According to analysts, Wendy’s (WEN) suggested a leveraged buyback plan in 2015. A leveraged buyback is when a company repurchases its outstanding shares through debt financing. Last year, Wendy’s returned $375 million to shareholders.


From the above chart, you can see that leveraged buyback involves various issues like managing additional debt taken for the buyback, organizing cash for timely servicing of debts, consolidating ownership, and exploiting favorable interest rates. However, leveraged buyback, as a strategic move, should eventually lead to the creation of shareholders’ wealth.

Recent buybacks in the industry

Recently, there are companies in the industry that planned buybacks. According to analysts, even McDonald’s (MCD) announced its plans to return $20 billion to its shareholders through share buybacks and dividends by 2016. Darden Restaurants (DRI) is a casual dining chain. Recently, it announced its plans for a leveraged buyback. Yum! Brands (YUM) also has plans for a $1 billion buyback by 2016.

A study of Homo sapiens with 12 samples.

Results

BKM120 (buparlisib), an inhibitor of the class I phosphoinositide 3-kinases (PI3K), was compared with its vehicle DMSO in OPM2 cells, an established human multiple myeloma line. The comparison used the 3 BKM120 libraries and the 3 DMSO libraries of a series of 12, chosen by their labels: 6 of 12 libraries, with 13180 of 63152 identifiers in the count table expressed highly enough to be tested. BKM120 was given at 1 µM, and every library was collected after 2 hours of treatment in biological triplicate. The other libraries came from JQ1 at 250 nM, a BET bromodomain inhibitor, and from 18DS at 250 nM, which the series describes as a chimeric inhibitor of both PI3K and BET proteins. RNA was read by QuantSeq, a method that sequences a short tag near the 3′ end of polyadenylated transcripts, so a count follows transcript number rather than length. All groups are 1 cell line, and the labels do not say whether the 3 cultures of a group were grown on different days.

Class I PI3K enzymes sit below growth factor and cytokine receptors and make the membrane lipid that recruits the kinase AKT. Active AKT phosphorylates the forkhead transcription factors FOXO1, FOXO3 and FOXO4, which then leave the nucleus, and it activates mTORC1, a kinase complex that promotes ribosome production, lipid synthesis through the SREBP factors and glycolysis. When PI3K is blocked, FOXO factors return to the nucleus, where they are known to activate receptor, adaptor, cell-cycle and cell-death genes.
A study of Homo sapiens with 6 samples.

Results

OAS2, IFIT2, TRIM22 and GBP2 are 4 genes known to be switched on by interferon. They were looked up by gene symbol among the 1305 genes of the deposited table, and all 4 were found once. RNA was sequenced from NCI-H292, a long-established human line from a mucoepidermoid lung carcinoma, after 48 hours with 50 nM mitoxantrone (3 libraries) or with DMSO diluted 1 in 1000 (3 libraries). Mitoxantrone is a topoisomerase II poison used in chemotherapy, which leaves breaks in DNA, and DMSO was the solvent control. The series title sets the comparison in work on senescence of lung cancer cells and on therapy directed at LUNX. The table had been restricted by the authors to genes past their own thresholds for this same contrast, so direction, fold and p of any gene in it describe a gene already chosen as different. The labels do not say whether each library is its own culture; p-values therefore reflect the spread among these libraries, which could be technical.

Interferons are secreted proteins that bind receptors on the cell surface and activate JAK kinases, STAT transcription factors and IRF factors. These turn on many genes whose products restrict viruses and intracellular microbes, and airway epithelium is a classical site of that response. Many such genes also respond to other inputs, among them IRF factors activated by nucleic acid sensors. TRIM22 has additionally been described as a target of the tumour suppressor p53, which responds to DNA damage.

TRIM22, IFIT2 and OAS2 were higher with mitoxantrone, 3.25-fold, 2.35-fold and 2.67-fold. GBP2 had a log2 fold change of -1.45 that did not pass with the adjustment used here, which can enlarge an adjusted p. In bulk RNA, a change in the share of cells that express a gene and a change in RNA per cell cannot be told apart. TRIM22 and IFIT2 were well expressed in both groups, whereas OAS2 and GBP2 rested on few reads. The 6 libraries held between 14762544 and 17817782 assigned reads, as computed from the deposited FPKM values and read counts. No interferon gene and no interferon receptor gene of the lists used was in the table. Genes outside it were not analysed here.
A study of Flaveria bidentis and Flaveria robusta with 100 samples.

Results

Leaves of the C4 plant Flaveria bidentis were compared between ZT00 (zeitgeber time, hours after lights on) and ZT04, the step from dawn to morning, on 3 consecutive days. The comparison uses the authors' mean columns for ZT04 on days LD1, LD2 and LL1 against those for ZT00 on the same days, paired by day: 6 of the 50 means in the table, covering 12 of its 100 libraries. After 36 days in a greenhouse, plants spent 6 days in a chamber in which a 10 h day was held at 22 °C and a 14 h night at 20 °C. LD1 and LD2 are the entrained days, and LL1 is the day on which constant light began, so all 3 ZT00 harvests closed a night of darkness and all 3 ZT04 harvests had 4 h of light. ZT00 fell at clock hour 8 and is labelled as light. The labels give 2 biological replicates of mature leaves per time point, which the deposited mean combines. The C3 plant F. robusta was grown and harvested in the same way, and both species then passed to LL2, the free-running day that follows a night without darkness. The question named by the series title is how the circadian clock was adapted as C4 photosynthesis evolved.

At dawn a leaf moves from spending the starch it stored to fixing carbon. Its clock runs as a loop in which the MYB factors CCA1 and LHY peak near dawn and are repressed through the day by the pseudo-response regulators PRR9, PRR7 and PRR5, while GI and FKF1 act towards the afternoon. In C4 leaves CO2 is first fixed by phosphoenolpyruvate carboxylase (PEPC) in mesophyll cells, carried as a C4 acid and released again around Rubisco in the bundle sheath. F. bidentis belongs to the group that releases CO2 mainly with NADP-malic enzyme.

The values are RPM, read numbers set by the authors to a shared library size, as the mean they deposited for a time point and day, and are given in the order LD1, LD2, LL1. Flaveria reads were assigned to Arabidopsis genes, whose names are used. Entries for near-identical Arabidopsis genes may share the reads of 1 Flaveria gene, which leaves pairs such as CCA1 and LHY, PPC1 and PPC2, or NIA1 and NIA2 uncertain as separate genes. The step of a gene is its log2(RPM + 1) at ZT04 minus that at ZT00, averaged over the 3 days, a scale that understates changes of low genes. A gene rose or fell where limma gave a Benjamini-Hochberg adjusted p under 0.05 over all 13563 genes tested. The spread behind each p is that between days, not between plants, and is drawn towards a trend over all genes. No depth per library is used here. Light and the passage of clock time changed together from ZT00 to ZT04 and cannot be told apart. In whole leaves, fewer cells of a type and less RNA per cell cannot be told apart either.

Investors can access companies in the fast food restaurant industry through ETFs like the Consumer Discretionary Select Sector SPDR ETF (XLY). XLY holds about 0.35% of Darden’s Restaurants’ stock.

Impact on stocks

Home Depot (HD) is a home improvement retailer. It announced a buyback program in March 2015. According to analysts, the program impacted Home Depot’s share price favorably. In contrast, Staples (SPLS)—the office supplies specialist—announced a share buyback in 2014. However, it still isn’t able to arrest the continuing slump in share prices.

Experts think that Wendy’s leveraged buyback plan could increase its share price, but only artificially.